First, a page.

By Curt Yeomans
Riverdale resident Calvin Metz crossed his legs next to the pool at the Frank Bailey Senior Center, and smiled as he talked about how he has regained flexibility through participating in an Arthritis Aquatics class at the center.
Metz, 74, is one of 14 people in the class, held for 45 minutes a day, three days a week. He shows up 15 minutes before his classmates, so he can get some extra stretching done.
Metz began taking the class with instructor Terri Adams, the senior center's health and fitness director, five years ago because his doctor urged him to get more exercise to help ease the pain of his arthritis.
"When I first started taking this class, I couldn't cross my legs like I can now," Metz said. "It [stretching in the pool] makes my movement better. When I go back to the doctor, he's so impressed."
"The biggest advantage in the pool is it just occupies my mind," he said. "It almost takes you back to your younger days when you could move all of your body parts outside the pool."
The Frank Bailey and Charley Griswell senior centers offer the Arthritis Aquatics and Beginning Swim courses for local seniors, but each center also has unique aquatics courses designed to help their members improve balance and tone, and build muscle.
The Frank Bailey Senior Center has the H2O Works and Aqua Fit classes, while the Charley Griswell Senior Center offers Liquid Abs, Aqua Yoga, Aqua Boot Camp and Aqua Sculpting courses.
Adams, the health and fitness director at the Frank Bailey center, said the water helps seniors exercise and loosen joints because of the body's buoyancy. But the water works in two ways, she said.
Adams said the buoyancy makes it easier for the Arthritis Aquatics students to move their legs because they will feel lighter. She said it also provides resistance when students in the toning and exercise classes try to push their foam dumbbells into the water.
"It decreases the pain and stiffness they feel in their joints, and it also improves their balance and coordination," Adams said. Seniors need a note from their doctor saying it is OK for them to participate in the aquatics courses at the senior centers before they can sign up for the classes, Adams said.
Riverdale resident Loretta Faison, 60, said she has been taking water-exercise classes for 15 years at various locations around the county because of arthritis. She said she has had "all of the 'arthurs,' and all of the 'itises,' you can have," such as rheumatoid arthritis and osteoarthritis. "But in the water, you don't know it," she said.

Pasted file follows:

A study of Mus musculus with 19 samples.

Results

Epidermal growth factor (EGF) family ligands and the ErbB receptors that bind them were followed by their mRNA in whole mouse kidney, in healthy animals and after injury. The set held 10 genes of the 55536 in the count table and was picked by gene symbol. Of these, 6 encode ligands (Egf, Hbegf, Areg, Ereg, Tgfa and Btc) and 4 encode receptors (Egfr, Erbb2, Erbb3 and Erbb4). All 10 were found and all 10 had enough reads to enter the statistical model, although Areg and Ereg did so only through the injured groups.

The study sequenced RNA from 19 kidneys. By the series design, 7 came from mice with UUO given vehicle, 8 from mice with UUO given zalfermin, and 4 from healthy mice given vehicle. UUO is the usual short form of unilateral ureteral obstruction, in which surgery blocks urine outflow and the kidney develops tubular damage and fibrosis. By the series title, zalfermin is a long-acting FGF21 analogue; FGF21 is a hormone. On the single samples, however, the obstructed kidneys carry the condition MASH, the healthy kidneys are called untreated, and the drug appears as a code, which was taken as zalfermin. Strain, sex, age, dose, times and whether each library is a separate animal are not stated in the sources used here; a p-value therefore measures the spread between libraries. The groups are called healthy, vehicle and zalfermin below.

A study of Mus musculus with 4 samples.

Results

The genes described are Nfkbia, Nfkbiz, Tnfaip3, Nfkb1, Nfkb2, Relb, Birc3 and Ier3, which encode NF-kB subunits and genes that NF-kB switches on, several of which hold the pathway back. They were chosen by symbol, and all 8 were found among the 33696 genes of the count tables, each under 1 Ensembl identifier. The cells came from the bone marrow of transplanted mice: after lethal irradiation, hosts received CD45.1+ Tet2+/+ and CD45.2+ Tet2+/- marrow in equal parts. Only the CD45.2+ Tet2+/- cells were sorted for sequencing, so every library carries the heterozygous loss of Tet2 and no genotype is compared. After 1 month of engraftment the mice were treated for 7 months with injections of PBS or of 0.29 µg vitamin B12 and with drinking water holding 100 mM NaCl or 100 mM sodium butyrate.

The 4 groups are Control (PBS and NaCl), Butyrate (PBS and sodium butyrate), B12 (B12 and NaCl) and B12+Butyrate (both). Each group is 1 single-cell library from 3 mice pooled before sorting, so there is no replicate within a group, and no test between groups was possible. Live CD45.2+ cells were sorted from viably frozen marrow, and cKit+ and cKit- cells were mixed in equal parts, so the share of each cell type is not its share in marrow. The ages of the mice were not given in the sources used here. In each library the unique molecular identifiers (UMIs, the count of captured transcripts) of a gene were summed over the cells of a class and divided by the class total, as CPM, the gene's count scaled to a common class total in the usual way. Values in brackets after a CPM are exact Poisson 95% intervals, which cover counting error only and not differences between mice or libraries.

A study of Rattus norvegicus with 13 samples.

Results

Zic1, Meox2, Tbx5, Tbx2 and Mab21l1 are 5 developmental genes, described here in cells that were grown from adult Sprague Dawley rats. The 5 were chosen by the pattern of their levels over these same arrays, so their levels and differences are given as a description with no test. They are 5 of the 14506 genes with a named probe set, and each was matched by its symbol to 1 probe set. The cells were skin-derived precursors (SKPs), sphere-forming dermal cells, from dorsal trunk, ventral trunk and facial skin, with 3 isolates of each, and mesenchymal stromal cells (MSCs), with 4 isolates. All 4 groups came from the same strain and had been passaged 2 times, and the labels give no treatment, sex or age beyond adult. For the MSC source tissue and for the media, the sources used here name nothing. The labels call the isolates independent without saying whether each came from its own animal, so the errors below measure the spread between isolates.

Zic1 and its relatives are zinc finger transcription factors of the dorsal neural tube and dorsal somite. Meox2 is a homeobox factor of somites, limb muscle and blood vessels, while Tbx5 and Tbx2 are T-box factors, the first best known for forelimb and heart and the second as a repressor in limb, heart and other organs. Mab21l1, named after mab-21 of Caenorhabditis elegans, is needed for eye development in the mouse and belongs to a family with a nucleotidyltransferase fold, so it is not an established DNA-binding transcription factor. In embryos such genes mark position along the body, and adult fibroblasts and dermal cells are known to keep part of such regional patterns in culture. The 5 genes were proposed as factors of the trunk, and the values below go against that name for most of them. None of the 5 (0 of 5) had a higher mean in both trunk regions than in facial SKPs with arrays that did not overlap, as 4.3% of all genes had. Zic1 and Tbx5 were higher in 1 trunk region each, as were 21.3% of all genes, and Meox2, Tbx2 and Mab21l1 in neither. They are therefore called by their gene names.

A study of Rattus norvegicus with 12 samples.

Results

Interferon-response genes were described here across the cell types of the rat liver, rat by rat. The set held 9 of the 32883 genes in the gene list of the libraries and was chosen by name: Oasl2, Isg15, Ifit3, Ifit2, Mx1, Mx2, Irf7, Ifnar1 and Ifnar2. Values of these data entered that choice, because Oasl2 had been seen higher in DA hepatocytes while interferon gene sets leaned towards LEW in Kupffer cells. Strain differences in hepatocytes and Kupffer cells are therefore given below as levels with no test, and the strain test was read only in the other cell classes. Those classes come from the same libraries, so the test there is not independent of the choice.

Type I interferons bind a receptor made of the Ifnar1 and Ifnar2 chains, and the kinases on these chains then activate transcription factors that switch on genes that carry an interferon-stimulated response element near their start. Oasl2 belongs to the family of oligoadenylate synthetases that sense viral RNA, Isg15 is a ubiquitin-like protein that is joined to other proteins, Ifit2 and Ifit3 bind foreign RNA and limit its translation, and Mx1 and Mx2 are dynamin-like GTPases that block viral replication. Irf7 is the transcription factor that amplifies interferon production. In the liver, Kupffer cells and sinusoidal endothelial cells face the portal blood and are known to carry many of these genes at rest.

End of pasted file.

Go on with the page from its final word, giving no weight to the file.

Faison said she began taking the Arthritis Aquatics and Land Arthritis classes at the Frank Bailey Senior Center 12 weeks ago.
"I look forward to this [the aquatics] class because I know that when I get out of the water, I'm going to feel better," Faison said. The land class is "hard for me because I'm sitting in a chair, and my legs are heavier," she said.
Jonesboro resident Beverly Morris, 68, said, "I just feel better [in a pool] because I don't feel as sluggish." She takes the H2O Works course at the Frank Bailey Senior Center, and said she has osteoarthritis and fibromyalgia.
Instructor Adams said the Arthritis Foundation recommends the heating of pool water to a range of 83 to 88 degrees Fahrenheit, because it helps loosen arthritis sufferers' joints.
"If it's too cold, it's really hard for them to do the exercises," Adams said. "We keep the temperature somewhere between 86 and 87 degrees, and they [the seniors] can tell if it's even one degree below that."
Not everyone is taking aquatics classes solely to deal with arthritis.
Riverdale resident Gloria Morris, 65, said she began taking aquatics classes because she has rheumatoid arthritis, but she also "knew I needed exercise and this helps ... It's less strenuous than floor exercises, and my doctor recommended it. I like doing the mountain climbing in the water ... anything that's strenuous because I know I'm working off some of the pounds."
Another Riverdale resident, Lois Davis, 68, said she has arthritis as well, but her main reason for taking the class was to get some exercise. "I like working with the buoys because I have to go against the force of the water, and that builds arm muscles," Davis said. "It's like I'm using a 10-pound weight."